Sandeep Singh Over the last five years, equity culture has rapidly spread across small-town India — both in the number of first-time mutual fund subscribers, as well as in the amount invested. The coronavirus pandemic is these small investors’ first introduction to “severe market risk” and, experts hope, to opportunity as well. Top mutual fund managers say […]
- Sandeep Singh
Over the last five years, equity culture has rapidly spread across small-town India — both in the number of first-time mutual fund subscribers, as well as in the amount invested. The coronavirus pandemic is these small investors’ first introduction to “severe market risk” and, experts hope, to opportunity as well. Top mutual fund managers say that despite the crash, a 28 per cent fall from a high of 41,952 on January 14 to just under 30,000 last Friday, they haven’t seen a pressure to redeem. Take the case of Nitin Singh, a Gorakhpur dentist. In August 2014, he started an SIP (Systematic Investment Plan) in Reliance Small Cap Fund (now Nippon India Small Cap Fund) with a modest investment of Rs 2,000 per month. On January 20 this year, the value of his cumulative investment of Rs 1.28 lakh had jumped 35 per cent to Rs 1,72,604.
Small investors are hit hard but corona deeper worry than crash could have sold, but he continued with his SIP — and on Friday, his investment of Rs 1.32 lakh had eroded to Rs 1,12,680. “It is a huge loss but my family’s health is important right now, and I know that the markets will recover,” Singh said. “We don’t know when, but we know they will.”
Singh is not an exception. Like him, if someone had invested Rs 5,000 on the first of every month beginning January 2014 in a mutual fund tracking the Sensex, the value of her cumulative investment of Rs 3.65 lakh on January 20, 2020 (when the stock markets peaked) would have been Rs 5,09,995. But the sharp fall in the subsequent weeks has seen her investment of Rs 3.75 lakh (adding Rs 10,000 for February and March) drop to Rs 3,54,503 on March 19, actually eroding the principal investment itself.
The sudden fall is a throwback to the 2008 global financial crisis when the Sensex lost 36 per cent in just four weeks ending October 24, 2008. But this time, the circumstances are different. Over the last six years, the number of equity mutual fund accounts more than doubled to over 6.25 crore. And the equity assets under management grew five-fold to Rs 7.9 lakh crore, with money flowing at an increasing pace from smaller towns through mutual funds.
Data sourced from the Association of Mutual Funds in India (AMFI) reveal that assets under management (AUM) of retail investors from small towns beyond the top 110 cities increased 18-fold from Rs 17,330 crore in March 2014 to Rs 312,664 crore in December 2019. For the bulk of these investors who entered the stock markets through the mutual fund route over the last six years, the sharp fall would be unnerving.
Market veterans, however, point out that the market crash isn’t top of the mind right now. “Investments have become a secondary concern. All the talk is about COVID-19 and how to stay safe,” said C J George, Managing Director, Geojit Securities, one of the largest MF distribution firms.
This probably explains why investors are not exiting. Prashant Jain, Chief Investment Officer, HDFC Mutual Fund, said he was surprised there was no redemption pressure. “The investors have matured and are much more aware. They should also look at the fall in markets as an opportunity. While the impact of the coronavirus outbreak on the GDP could be 1-2 per cent, the markets are down by 30 per cent,” he said.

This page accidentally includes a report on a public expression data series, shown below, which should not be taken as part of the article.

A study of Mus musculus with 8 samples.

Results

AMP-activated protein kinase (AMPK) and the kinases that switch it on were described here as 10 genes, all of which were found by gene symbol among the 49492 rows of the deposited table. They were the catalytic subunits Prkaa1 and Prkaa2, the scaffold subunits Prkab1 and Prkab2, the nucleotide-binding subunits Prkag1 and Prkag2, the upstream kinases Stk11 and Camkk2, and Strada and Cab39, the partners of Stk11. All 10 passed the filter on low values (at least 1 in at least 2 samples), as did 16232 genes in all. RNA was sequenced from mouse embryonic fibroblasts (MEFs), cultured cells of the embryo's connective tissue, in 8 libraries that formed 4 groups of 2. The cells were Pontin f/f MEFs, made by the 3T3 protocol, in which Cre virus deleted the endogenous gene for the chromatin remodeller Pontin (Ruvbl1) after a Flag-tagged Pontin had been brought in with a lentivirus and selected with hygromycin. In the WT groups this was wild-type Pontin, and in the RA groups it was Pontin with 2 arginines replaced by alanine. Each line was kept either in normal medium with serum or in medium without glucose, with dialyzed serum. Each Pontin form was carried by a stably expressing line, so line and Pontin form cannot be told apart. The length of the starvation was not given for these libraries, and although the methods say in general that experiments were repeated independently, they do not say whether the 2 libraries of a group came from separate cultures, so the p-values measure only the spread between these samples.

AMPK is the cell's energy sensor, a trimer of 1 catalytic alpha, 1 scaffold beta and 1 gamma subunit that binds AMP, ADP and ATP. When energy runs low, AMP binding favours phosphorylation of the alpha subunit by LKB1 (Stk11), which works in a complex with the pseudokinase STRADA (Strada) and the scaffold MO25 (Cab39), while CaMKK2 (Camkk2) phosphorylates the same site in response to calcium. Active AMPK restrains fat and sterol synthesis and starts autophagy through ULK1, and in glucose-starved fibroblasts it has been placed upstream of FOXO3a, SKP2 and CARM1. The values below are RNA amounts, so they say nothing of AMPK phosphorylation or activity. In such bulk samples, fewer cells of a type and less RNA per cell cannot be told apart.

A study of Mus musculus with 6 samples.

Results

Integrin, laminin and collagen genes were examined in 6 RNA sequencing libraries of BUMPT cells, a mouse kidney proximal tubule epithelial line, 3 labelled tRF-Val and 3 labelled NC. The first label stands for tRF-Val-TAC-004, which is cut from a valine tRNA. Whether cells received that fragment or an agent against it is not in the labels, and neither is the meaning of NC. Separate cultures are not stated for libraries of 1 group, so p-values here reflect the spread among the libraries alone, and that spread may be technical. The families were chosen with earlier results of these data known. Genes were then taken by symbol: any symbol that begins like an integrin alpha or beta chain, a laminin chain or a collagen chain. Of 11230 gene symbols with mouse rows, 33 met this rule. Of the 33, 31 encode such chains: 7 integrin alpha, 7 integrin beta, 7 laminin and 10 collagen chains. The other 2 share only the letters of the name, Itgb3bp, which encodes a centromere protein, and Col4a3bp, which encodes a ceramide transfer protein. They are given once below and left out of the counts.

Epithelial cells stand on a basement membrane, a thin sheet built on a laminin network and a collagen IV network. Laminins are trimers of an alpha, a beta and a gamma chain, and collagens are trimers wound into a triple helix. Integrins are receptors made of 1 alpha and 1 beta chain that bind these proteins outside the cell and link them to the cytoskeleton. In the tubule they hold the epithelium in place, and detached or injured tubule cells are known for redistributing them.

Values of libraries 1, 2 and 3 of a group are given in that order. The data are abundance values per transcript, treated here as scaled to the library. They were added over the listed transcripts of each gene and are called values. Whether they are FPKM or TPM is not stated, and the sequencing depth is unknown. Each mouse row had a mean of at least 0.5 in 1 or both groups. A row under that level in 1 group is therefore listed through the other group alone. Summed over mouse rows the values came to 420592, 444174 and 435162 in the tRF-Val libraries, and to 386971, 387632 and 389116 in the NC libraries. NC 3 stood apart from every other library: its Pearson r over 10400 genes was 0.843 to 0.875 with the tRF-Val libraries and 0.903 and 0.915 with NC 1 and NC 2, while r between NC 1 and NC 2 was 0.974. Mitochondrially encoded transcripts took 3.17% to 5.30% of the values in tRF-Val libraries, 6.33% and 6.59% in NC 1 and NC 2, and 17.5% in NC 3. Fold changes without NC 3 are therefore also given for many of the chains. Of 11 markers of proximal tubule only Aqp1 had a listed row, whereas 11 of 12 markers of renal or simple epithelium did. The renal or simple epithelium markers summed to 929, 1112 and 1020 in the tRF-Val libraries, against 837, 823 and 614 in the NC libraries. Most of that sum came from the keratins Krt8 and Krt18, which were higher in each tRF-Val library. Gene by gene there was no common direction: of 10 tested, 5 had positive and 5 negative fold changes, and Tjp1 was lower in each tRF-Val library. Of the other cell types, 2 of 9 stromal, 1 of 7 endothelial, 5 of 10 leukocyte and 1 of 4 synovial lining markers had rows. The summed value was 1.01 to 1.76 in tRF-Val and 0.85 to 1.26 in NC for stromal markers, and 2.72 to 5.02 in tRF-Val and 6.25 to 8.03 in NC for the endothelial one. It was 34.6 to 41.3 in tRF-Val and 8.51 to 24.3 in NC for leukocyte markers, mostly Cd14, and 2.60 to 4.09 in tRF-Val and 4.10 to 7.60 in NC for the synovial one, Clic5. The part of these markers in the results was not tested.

George too said investors must not sell now. “MFs are generally sold as a long-term investment product and investors should stick with their investments. The other part to it is that since the entire concern is around coronavirus, the moment some kind of success is achieved in controlling it, we may see a V-shaped recovery,” he said.
In the last six years, mutual funds and distributors have penetrated smaller towns and cities. The top 15 cities which accounted for almost 86 per cent of the industry AUM in March 2014, now account for just 74 per cent. In fact, the AUM from cities beyond the top 15 have increased over five-fold to Rs 7.06 lakh crore in December 2019 compared with Rs 1.13 lakh crore in April 2014. AMFI data show that cities and towns other than the top 110 cities (in terms of AUM contribution) also increased their share in industry AUM from 2.6 per cent to 11.5 per cent during the period.
Market players attribute the rational behaviour of investors to the change in demography and long-term investment philosophy through mutual funds. “The majority of new investors entered the markets through mutual funds and many do not track NAVs (net asset values) of their funds on a daily basis. To that extent, there is less nervousness this time around,” said the CEO of a mutual fund, who did not wish to be named.
Experts analyzing the capital markets also point to the strong counter-balance that retail investors have provided through domestic institutional investors such as MFs. While foreign portfolio investors pumped in Rs 1.99 lakh crore into Indian equities between April 2014 and March 2020, equity mutual funds saw net inflows of Rs 5.22 lakh crore (till Feb 2020), more than two-and-a-half times the FPI inflows.
This compares starkly with the previous six-year period. Between April 2008 and March 2014, while FPIs invested a net of Rs 4.36 lakh crore, mutual funds witnessed net outflow of Rs 27,929 crore from equity schemes. Of course, inflows into equities through MFs have seen a massive rise since May 2014 — from an AUM of Rs 152,206 crore in January 2014, it increased more than five times to Rs 789,637 crore at the end of January 2020.